What’s the deal with Christmas bon-bons?
Indeed. This question, while light on words, says so much about Christmas and the traditions we celebrate.
What is the deal with bonbons? Or crackers? Call them what you will.
Actually don’t. They’ve been crackers since the mid-1800s. So unless you are 160 years old, you should be calling them crackers. Otherwise, it would be like me describing my height in the imperial measures that ended before I was born.
Which is what I do.
Christmas crackers – which were originally called Bon-Bons after the French sweets – were invented by a man keen to make his name in history.
Back in 1847, young Tom Smith, London purveyor of sweets did what any savvy business owner faced with flagging sales does, creates a dodgy tradition that we still blindly and unquestioning follow.
Tom took the idea from France where a sugar coated almond would be wrapped with a love message and tied with a ribbon at either end.
Some years later, while watching his fireplace, deep in a meditative entrepreneurial state, Tom heard the crackling of fire and was inspired to add the crack to the crackers. At this stage, he called them “Cosaques”, after the Cossacks who sound like a lively old bunch of soldiers who liked to go around firing their weapons for fun.
But after a short while, people couldn’t be arsed remembering that so reverted to calling them “crackers”.
The next generation built on Tom’s work and son Walter hit on the fantastic idea of making us all look like dickheads by including paper crowns. Because nothing says fun like a paper hat. (Pass me the wine would you? Thanks).
Shocking news for those of us who have been bearing the indignities of ill-fitting paper crowns for our whole lives, apparently there are very many people in very many countries managing to have Christmas celebrations successfully without bon-bons, cosaques, crackers or their dodgy contents.
Seems it’s a Commonwealth thing.
In the birthplace of the Commonwealth, you can pay £210 for a single Cracker at Harrods.
That trifling sum gets you no hat and no joke, just a serious cashed-up gift like sterling silver cufflinks or bracelets.
To put this in perspective, £210 is slightly less than the £214 the average retail worker in the UK makes for a week’s work.
So if the staff member who serves you at Harrods works hard, it will only take them 6 weeks of not eating or paying rent to afford 6 of these crackers for their own family dinner.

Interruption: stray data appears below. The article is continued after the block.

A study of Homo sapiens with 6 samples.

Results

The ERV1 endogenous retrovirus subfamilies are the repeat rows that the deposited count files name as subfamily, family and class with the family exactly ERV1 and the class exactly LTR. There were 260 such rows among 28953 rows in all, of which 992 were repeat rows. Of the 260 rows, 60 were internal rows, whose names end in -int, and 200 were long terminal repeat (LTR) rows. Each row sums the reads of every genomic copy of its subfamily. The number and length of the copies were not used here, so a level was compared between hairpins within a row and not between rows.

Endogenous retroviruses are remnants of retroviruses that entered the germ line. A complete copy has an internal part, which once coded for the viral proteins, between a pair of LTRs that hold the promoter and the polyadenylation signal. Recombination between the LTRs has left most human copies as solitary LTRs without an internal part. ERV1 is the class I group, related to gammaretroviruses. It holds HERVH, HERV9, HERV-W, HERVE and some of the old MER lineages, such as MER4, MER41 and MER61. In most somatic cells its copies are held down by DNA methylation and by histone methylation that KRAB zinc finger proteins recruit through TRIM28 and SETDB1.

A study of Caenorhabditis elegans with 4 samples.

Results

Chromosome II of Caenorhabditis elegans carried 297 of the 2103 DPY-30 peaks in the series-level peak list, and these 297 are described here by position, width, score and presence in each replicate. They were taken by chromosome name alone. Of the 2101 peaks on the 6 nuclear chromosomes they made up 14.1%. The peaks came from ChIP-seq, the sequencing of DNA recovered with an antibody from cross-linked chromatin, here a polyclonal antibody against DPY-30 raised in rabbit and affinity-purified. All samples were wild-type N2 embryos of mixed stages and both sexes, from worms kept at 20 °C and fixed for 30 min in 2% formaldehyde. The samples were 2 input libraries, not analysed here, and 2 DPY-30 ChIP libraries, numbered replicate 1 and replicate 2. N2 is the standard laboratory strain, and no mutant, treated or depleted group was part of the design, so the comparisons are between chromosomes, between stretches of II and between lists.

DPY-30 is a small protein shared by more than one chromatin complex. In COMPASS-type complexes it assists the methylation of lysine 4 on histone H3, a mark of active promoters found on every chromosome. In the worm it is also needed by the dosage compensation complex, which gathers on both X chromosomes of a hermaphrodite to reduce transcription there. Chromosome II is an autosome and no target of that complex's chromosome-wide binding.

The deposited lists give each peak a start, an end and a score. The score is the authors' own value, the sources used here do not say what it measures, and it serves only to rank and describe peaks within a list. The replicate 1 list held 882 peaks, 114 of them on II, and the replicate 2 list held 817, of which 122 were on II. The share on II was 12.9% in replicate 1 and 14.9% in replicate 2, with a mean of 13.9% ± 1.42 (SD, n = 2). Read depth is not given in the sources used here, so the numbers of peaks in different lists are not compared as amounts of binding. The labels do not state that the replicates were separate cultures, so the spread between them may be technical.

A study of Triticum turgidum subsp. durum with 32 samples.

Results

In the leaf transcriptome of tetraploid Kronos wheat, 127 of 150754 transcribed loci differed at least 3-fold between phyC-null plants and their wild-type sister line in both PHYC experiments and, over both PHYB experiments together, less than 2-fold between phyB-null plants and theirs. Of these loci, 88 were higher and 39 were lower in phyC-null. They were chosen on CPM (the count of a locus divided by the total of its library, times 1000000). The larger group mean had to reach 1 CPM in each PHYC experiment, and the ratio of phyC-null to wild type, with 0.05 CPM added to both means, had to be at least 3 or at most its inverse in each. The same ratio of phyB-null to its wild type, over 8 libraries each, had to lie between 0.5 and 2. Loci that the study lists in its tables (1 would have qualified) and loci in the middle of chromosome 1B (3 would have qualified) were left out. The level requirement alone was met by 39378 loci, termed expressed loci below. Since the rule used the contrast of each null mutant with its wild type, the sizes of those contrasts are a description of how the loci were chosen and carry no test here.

The British royals who love a poorly dressed tradition have been using Tom Smith Crackers
for 110 years. I imagine they don’t pay for them, but $90 will get you 8 delivered to your home.
A better idea is to buy the cheapest ones you can find and just being resigned to the fact that they will be crappy. Crappy toys, crappy jokes, crappy hats.
This is a selection of crap from crackers from one family Christmas.
The only slightly useful thing is the comb and I have put a five cent piece there to show you how useful it’s going to be on actual hair.
Exciting news though, this cheap stuff will still be around in 27,000 years, choking the wildlife and filling our oceans.
I suggest going the DIY route this year.
Stockpile toilet rolls and stuff them with some things that might genuinely help your party.
The cracking part is the most difficult, but since it is usually a dud anyway, just encourage your guests to shout “Bang” as they pull it apart. Or, agree on a swear word you can all use instead.
Inside, instead of a joke, why not include a filthy limerick? Or perhaps a targeted piece of advice for each family member?
Then, they toys. Stick to the P’s – pharmaceuticals, plugs (ear), prophylactics, pests (live wasps, while tricky to wrangle, are perfect for a real Christmas surprise) or just a paperclip – then watch your family fight over the ear-plugs as they real that is the real prize this early on Christmas Day.
And no one wants the hat, so save the planet and just leave it out.